NEW YORK Special items and one-time charges pushed Alcoa Inc. into the red in the second quarter, even as the aluminum producer reported strong end-use demand and productivity gains across all business segments.
Pittsburgh-based Alcoa, traditionally the first metals company to release quarterly results, posted a net loss of $119 million for the three months ended June 30, up from a $2-million loss in the same period last year, on sales that slipped 1.9 percent to $5.85 billion from $5.96 million. The company had posted net income of $149 million on sales of $5.83 billion in the first three months of this year.
The company attributed its return to red ink to charges related to "restructuring and a legacy legal matter." Included in the restructuring costs were a $42-million charge related to the closing of the two Soderberg potlines at its Baie-Comeau smelter in Quebec; a $34-million charge related to its decision to permanently close its Fusina smelter in Italy; and a $37-million charge related to broader restructuring across all business segments, including asset retirements of previously idled facilities. The company also recorded a $62-million charge related to the governments ongoing corruption investigation into sales of alumina to Aluminium Bahrain BSC (Alba).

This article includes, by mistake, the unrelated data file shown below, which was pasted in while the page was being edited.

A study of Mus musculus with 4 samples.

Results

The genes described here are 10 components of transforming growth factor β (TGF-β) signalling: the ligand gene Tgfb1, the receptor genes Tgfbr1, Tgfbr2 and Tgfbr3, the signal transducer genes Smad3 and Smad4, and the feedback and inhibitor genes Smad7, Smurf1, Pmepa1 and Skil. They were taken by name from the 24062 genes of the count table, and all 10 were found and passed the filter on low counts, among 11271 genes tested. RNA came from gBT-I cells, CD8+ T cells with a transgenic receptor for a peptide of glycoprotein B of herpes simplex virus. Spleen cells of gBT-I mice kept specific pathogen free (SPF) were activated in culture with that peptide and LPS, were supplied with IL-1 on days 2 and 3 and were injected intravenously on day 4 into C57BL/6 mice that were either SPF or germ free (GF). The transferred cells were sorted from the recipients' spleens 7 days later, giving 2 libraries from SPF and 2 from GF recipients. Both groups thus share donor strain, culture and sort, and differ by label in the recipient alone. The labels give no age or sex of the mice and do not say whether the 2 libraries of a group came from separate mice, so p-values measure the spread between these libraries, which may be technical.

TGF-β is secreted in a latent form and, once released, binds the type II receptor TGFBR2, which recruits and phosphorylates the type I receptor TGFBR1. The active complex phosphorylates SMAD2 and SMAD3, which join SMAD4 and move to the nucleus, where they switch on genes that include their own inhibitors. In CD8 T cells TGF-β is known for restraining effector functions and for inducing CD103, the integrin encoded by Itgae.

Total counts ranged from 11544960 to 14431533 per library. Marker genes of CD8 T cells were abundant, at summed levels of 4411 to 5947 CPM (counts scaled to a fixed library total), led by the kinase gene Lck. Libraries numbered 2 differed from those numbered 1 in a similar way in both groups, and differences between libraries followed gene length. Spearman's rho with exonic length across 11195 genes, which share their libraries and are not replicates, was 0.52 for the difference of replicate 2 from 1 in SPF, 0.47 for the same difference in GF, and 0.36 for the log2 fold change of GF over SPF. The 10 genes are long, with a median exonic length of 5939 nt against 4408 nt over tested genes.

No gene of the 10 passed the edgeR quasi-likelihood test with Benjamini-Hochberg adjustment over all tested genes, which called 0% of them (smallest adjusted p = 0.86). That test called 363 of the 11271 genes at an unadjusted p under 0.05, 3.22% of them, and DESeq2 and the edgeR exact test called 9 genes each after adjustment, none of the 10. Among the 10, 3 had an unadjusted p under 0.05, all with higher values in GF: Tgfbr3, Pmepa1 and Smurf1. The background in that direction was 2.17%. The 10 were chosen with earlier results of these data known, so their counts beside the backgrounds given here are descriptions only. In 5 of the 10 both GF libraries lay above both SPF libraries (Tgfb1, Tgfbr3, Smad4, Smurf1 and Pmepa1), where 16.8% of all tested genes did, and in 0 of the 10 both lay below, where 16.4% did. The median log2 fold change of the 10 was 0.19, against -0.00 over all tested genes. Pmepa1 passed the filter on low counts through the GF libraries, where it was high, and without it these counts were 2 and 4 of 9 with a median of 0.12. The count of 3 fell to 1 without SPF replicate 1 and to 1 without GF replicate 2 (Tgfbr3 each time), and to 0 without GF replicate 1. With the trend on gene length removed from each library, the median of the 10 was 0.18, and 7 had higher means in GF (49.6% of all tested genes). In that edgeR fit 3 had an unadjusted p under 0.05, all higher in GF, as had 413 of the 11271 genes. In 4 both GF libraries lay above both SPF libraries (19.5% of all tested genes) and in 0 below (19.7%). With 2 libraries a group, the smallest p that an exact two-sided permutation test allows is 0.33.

Despite the red ink, Alcoa chairman and chief executive officer Klaus Kleinfeld called the companys operating performance "remarkable," citing an increased focus on value-added products and a shift away from commodity-grade aluminum, which is more impacted by the plummeting price of the metal.
"We are building out our value-added businesses. Fifty-seven percent of total revenue is already coming from the valued-added business and making up 80 percent of the profit," he told CNBC following the release of Alcoas results.